At 10:40 am Alaska time/2:40 pm DC time today, Sen. Begich will join Sen. Coburn on the Senate floor for a colloquy on the Orphaned Earmark Act.

The two senators on Friday introduced the legislation which will rescind funding for earmarks that remain 90 percent or more unused nine years after being appropriated.

The colloquy will be available to view on C-SPAN 2 


(WASHINGTON, D.C.) - U.S. Senators Tom Coburn, M.D. (R-OK) and Mark Begich (D-AK) released the following statement Friday regarding the "Orphan Earmarks Act," a bill they have introduced to rescind funds for so-called orphaned earmarks.  Specifically, the bill would rescind earmarks that remain 90 percent or more unused nine years after being appropriated, with the possibility of holding funds one more year for earmarks the agency head believes will be funded within the following 12 months.  The total savings of the Coburn-Begich bill could exceed $500 million. 

"With our nation facing a $14 trillion debt, it is critical both parties work together to identify and pass common sense spending cuts.  As Congress shifts its focus from earmarking to deficit reduction, rescinding funds for orphaned earmarks is an obvious step toward fiscal sanity.  I urge my colleagues to pass this measure as soon as possible," Dr. Coburn said, noting that the Senate passed similar language last year by a margin of 87 to 11.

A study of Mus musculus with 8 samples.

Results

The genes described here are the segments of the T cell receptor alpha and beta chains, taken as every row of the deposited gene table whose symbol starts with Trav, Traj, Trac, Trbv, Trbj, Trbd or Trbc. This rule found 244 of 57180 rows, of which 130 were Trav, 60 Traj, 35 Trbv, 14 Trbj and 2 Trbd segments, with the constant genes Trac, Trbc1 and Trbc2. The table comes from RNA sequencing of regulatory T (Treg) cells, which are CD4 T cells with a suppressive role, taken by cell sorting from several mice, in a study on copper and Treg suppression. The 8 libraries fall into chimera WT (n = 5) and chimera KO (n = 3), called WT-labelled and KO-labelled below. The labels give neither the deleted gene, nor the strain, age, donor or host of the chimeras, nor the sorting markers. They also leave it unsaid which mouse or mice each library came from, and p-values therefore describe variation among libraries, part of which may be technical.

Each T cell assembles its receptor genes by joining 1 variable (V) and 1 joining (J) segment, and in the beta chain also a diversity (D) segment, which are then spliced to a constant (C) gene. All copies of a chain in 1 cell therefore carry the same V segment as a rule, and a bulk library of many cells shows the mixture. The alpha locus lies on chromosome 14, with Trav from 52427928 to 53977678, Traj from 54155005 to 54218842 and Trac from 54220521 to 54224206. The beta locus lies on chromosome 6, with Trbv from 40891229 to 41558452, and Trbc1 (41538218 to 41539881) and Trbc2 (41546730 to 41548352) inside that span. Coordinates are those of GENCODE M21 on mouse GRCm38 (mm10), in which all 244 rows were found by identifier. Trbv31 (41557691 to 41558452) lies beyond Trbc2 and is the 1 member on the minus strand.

"We have to leave no stone unturned as we work to reduce the deficit," Begich said. "As we focus on reducing spending, we can take easy steps like rescinding the money for unspent earmarks. If an earmark hasn't been claimed in nearly a decade, it's unlikely it ever will be.  By essentially passing a 'Use it or Lose it' strategy, we can save roughly $500 million. That's not chump change."

The Coburn-Begich bill is modeled after a Bush administration proposal from 2008 that would have rescinded any highway and bridge earmark funds from the 1998 highway bill (TEA21) that had less than 10 percent of funds spent or obligated.  That proposal only would have saved $626 million including $389 million in 152 earmarks that had no funding obligated a decade after passage.  The Coburn-Begich bill targets all orphan earmarks, not just those for highways and bridges.